Nigeria rakes in between N5 billion and N6 billion daily from imports since the closure of its land borders with neighbouring countries.
Prior to the closure in August 2019, daily duty collections hovered between N4 billion and N5 billon, said the Nigerian Customs Service (NCS) in Lagos on Tuesday.
The NCS Comptroller-General Col. Hammed Ali (rtd.) attributed the rise to increased activities at the nation’s seaports.
”The NCS daily collection before the border closure ranged between N4 to N5 billion but now, the NCS collects N5billion to N6 billion daily as a result of the rise in activities at the nation’s sea ports,” Ali said on Tuesday at a forum on the “impact of land border closure on the Nigerian economy.”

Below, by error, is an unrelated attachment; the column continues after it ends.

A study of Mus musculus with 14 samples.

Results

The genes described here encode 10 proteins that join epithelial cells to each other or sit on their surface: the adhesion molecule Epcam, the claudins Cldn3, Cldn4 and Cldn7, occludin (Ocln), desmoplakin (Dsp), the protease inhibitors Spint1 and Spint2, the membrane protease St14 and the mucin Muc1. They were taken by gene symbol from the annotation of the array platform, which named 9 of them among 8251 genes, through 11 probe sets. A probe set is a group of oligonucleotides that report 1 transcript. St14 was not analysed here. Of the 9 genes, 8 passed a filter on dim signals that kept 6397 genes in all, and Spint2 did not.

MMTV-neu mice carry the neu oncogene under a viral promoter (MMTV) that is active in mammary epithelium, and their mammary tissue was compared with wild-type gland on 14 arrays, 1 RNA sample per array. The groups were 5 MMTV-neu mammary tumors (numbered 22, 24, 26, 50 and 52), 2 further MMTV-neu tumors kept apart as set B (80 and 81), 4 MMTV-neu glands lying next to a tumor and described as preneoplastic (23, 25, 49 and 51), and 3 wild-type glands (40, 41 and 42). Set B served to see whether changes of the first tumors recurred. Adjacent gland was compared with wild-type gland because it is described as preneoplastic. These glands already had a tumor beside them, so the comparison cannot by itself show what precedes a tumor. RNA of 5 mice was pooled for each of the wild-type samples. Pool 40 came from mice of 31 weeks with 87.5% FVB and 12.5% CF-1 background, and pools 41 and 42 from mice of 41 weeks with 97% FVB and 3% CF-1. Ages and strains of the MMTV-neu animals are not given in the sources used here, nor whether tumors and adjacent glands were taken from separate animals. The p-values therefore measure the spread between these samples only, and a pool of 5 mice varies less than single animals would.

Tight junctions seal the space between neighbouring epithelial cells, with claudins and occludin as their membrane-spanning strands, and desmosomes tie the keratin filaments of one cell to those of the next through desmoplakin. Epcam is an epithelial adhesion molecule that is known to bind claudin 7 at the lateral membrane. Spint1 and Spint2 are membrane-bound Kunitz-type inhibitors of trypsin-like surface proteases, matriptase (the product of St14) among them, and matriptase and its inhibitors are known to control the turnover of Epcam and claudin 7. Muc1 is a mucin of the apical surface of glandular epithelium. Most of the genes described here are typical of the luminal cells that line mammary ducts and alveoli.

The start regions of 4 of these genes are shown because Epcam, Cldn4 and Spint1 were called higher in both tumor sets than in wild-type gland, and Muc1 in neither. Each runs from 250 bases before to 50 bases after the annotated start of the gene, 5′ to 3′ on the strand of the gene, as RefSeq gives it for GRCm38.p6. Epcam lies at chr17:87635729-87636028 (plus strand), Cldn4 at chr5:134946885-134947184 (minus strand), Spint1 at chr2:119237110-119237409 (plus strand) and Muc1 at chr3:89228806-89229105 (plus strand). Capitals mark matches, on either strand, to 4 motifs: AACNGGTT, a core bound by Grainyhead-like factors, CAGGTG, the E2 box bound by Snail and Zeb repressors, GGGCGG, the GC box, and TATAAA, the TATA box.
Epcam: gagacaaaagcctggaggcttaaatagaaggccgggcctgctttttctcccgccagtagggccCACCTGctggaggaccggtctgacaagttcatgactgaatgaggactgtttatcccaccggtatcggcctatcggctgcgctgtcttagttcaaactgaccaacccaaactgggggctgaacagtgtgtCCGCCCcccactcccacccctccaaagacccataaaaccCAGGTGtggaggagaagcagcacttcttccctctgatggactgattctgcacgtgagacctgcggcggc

The Customs boss, who was represented by the ACG/Zonal Co-ordinator, Zone A, KayCee Ekekezie, also said the border closure had led to a 30 per cent drop in fuel hitherto supplied by the Nigerian National Petroleum Corporation (NNPC) for local consumption.
He added that the sums being realized from the ports would help the Federal Government provide more infrastructures and add fillip to critical sectors of the economy.
His words: “This (money) will be used to build more infrastructure and develop critical sectors of the nation’s economy. The border drill has also curbed the diversion of petroleum products from Nigeria to our neighboring countries. NNPC records show a 30 per cent drop in fuel consumption, which means that we have been subsidizing fuel for neighboring countries.”